City announces Spanish translation services will be automatic at City Council meetings

Spanish translation at City Council meetings will no longer need to be requested by residents, the city announced Thursday afternoon.

The city had resumed live public comments in June but did not start offering translation services until August after months of outcries from community organizers who said that not providing it was blocking immigrant communities who don’t speak English from getting important information during the middle of a health pandemic.

Prior to Thursday’s announcement, people wishing to hear public meetings had to request those services at least 24 hours in advance. If they did not, the chances were high that they wouldn’t be able to participate in the meeting in a language they fully understood.

Now, Spanish translation will be automatic.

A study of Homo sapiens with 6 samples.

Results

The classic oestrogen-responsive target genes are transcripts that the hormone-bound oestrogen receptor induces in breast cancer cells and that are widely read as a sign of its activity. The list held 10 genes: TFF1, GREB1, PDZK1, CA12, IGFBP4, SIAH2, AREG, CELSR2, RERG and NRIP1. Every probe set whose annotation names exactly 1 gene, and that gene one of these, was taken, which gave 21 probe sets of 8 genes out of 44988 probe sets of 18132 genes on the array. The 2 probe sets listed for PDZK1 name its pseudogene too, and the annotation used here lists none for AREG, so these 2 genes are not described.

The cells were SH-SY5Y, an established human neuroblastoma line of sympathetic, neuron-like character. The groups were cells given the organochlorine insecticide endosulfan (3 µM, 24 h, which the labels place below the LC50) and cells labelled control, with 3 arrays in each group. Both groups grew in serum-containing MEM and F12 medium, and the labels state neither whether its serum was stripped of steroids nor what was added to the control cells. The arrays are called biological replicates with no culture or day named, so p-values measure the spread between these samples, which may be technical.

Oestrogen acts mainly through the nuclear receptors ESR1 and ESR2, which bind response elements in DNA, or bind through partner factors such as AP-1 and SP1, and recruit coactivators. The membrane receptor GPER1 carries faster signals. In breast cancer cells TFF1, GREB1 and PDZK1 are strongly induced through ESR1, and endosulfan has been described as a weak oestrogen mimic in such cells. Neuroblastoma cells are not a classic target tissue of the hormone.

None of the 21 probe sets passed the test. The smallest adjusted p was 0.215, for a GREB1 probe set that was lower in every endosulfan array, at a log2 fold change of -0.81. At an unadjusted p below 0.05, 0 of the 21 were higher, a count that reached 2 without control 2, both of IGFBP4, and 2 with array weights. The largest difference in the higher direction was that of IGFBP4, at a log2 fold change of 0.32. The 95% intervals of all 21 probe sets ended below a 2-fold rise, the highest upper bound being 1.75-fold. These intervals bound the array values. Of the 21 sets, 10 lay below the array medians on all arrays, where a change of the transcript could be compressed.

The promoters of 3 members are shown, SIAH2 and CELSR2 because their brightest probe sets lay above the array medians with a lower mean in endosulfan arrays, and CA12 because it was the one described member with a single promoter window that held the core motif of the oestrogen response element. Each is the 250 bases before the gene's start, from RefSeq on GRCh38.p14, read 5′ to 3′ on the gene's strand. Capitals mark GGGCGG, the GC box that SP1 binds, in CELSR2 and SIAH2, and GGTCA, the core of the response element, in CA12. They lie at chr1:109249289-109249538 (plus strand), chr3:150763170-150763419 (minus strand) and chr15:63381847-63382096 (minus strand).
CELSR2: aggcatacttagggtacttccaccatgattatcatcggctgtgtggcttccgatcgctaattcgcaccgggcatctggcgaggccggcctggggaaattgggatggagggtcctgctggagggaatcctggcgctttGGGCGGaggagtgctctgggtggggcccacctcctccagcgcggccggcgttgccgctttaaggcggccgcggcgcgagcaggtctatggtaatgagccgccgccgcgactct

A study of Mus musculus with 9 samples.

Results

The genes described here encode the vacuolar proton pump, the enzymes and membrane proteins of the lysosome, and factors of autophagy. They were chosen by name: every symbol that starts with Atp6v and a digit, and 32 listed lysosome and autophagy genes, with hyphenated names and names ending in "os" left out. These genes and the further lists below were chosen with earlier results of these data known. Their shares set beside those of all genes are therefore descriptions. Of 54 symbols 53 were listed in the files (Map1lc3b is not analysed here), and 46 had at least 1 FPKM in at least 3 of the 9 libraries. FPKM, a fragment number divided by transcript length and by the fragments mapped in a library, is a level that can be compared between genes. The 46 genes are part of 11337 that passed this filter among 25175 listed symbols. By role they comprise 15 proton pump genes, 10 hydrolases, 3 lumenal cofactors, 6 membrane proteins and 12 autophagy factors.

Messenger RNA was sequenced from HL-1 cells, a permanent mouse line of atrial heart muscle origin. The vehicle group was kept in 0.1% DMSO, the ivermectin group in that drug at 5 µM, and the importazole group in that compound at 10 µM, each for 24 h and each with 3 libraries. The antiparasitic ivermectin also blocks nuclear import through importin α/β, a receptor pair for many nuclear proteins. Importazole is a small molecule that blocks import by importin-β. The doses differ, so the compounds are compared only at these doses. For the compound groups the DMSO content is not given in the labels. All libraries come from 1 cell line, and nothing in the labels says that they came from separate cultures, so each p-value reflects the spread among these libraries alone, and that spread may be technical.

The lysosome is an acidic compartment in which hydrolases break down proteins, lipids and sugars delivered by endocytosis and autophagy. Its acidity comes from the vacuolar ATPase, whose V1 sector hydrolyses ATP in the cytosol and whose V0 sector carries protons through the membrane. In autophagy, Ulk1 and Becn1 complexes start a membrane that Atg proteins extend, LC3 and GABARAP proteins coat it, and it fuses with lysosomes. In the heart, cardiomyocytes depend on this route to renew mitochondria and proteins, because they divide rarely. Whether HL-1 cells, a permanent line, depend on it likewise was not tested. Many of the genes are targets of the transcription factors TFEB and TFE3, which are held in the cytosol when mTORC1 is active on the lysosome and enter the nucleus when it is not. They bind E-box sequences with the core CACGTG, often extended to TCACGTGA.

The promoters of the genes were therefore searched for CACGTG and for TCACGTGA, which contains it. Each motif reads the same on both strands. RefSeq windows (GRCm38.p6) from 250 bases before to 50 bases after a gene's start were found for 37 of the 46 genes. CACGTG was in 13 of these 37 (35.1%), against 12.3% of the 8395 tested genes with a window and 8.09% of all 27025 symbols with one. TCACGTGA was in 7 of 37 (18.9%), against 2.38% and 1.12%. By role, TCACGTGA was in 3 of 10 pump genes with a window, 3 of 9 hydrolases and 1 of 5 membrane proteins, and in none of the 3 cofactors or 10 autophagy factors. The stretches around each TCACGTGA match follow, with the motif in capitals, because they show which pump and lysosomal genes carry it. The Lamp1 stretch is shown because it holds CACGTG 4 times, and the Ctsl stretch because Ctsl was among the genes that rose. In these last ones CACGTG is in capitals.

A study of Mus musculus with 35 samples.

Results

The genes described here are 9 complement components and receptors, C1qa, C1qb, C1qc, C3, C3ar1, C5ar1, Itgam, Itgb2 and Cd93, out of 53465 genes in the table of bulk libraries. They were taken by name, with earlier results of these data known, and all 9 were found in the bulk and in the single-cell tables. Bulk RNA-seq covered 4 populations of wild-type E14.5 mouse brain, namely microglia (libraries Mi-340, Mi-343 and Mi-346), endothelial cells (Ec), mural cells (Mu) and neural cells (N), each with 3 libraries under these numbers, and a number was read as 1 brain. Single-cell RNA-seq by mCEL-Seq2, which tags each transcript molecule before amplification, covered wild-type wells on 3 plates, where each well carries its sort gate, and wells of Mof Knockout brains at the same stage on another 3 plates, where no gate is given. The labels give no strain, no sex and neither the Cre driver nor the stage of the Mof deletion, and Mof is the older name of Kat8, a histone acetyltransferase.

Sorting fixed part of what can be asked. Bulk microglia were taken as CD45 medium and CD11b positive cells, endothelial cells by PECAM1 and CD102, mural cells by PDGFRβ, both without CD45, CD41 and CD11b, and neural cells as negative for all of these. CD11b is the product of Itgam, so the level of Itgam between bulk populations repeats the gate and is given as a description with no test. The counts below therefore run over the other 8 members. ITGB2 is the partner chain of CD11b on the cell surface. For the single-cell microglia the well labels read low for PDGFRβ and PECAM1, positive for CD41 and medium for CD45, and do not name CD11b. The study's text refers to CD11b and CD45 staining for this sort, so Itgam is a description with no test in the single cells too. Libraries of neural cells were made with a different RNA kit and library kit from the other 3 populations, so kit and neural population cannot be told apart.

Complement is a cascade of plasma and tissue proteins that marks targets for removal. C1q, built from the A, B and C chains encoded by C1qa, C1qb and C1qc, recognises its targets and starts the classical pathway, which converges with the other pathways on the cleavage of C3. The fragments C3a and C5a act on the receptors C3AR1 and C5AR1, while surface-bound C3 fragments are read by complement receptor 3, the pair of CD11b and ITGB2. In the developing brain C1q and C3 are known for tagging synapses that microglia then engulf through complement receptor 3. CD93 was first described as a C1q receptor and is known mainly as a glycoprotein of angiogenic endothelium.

“It’s about time this happened and I’m extremely proud of all of our community members who advocated to ensure this became a reality,” said Gaby Hernandez, executive director of the Long Beach Immigrants Rights Coalition, one of the groups who had advocated for better access for non-English speakers. “This wouldn’t have been possible if it wasn’t for their voices and courage.”

Thursday’s press release from the City Clerk’s office said that translation services for Spanish would now no longer need a request to be filed but the new program would only apply to City Council meetings. The move followed a vote by the council to mandate that Spanish translation be required going forward with the council carving out additional funding in the most recent budget cycle to make that possible.

Residents hoping to listen to the meetings in Khmer or Tagalog would still have to request the translation service in advance. Any resident wishing to listen to other city commission meetings would also need to request translation services in advance.

“The City remains committed to removing language barriers to ensure equitable access to available City services,” the release said.